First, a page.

Professor Seeks Best Ways to
Communicate Organizational Change

Travis L. Russ, Ph.D., found that business leaders often realize the benefits of consensus-building but fail to implement them on the front lines.

Photo by Patrick Verel



“Many organizations are confronted

with the fact that they must change or die,

and leaders know that. So they are under

the pressure of implementing change.”


By Patrick Verel

In business, change is not only good, it is often the difference between success and failure. But for change to be effective, everyone from mid-level managers to front-line employees must be on board with the new plan.

That is where Travis L. Russ, Ph.D., comes in. An assistant professor in the Fordham Schools of Business, Russ examines how leaders construct a vision for their companies and then communicate it to stakeholders.

“Sometimes leaders communicate their vision programmatically: ‘Here’s my vision, I don’t want anything about that vision altered, and I want it to be implemented as is.’ So there’s a high degree of fidelity between their vision and its implementation on the front lines,” he said.

“On the other side of the continuum is the participatory approach. Here leaders have some idea of how the organization should be changed but they recruit stakeholders to provide their unique input about the vision and how it might be best applied on the front lines.”

To learn how leaders at companies implement strategies for change, Russ draws upon 12 years of experience as a consultant in the private sector to gain access to firms such as Thomson Reuters, Barnes & Noble, Starbucks, Macy’s and McGraw-Hill. So when he publishes papers such as “Developing a Typology of Perceived Communication Challenges Experienced by Frontline Employees During Organizational Change” (Qualitative Research Reports in Communication, 2009), they accurately reflect corporate reality.

“It’s important that you go back and talk to the people who gave you the data, so you’re not researching in a vacuum,” Russ said. “They, of course, have every right to make modifications and to tell me whether I hit the mark or not. I want to ensure my conclusions reflect their realities.”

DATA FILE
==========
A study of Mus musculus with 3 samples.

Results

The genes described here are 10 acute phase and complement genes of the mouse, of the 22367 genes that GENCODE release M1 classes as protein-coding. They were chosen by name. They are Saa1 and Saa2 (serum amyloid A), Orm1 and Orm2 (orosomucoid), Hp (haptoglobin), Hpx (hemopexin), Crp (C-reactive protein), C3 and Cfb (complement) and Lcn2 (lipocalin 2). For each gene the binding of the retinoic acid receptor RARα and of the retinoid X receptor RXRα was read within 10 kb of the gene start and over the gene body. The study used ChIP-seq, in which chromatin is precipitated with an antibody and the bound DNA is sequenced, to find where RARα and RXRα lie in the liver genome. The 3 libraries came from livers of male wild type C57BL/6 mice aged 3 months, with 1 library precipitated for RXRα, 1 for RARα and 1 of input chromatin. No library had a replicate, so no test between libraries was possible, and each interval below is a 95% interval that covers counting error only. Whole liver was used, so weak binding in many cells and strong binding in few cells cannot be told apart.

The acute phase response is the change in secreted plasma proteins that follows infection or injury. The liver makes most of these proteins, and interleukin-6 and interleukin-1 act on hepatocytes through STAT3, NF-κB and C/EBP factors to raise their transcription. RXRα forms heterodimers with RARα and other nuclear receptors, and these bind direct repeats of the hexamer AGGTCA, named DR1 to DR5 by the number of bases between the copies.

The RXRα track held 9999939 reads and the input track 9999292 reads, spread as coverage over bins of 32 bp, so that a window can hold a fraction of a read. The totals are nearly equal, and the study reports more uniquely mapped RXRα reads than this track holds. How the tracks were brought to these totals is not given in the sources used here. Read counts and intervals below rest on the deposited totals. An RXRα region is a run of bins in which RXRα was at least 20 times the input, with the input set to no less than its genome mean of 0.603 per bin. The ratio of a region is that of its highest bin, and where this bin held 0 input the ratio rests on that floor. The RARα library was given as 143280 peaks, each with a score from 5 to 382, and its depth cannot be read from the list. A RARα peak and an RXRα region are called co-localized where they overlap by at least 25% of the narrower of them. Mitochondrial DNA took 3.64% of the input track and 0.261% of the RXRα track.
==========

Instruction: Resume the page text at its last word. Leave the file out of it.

As with any field, Russ said, there are interesting paradoxes when examining the area of change communication. For example, in a recent study, he and his co-author found that practitioners vigilantly extolled the values of participatory change. What they actually practiced, however, was very different.

“While they said they saw the value of soliciting stakeholders’ input, their behaviors were more aligned with the philosophy of programmatic change. For them, asking for others’ input was merely symbolic as they would often dismiss or refute their input and march forward with their original plans,” he said.

One might expect that a manager who said one thing and did another would spark tension or conflict, but at this particular company, Russ found that not to be case.

“You’d think there would be some fallout and some push-back if people’s ideas weren’t necessarily heard. But there was a significant amount of appeasement taking place. Those leading the change initiative felt like they just needed to explain why the employees’ fears were irrational and why their concerns really weren’t valid rather than actually modifying the planned change based on the feedback received. Clearly, this is problematic,” he said.

“Research tells us that people prefer participatory approaches. Some presumed benefits include lower resistance to change, increased understanding, greater involvement and engagement, and elevated motivation. Still, while practitioners say that they think participatory approaches work more effectively, when push comes to shove, they’re more apt to apply top-down programmatic approaches. There are a variety of pressures that I examine in my research, from time management pressures to resource pressures to a lack of employees, a lack of financial resources or a lack of tools that limit the actual implementation of participatory approaches.”

Few managers are strictly participatory or programmatic, of course, and that gray area is where Russ focuses his research. He has found that while top leaders are decent at communicating to middle managers, those middle managers are not as good at sharing the vision with their workers.

“You sort of have two hurdles to overcome—communicating to the mid-level managers, and then having them communicate to their direct reports,” he said.

“I found that mid-level managers often withhold information for various reasons before communicating it downward. It might have been that they felt it wasn’t appropriate, that they didn’t want to overwhelm their employees, or that they didn’t agree with the change.”

A key aspect of whether any manager, whether high- or mid-level, asks for input, is the manager’s communication apprehension or how comfortable he or she feels communicating with others ina variety of contexts.

“Many organizations are confronted with the fact that they must change or die, and leaders know that. So they are under the pressure of implementing change. Are they more likely to ask for input if they’re under a large amount of stress? Probably not,” he said.

“But if you look at the flip side, they are apt to be more successful if they make sure that everyone is on board, involved and engaged. By soliciting people’s input, they can get an idea as to whether their new vision is actually going to work and thrive on the front lines.”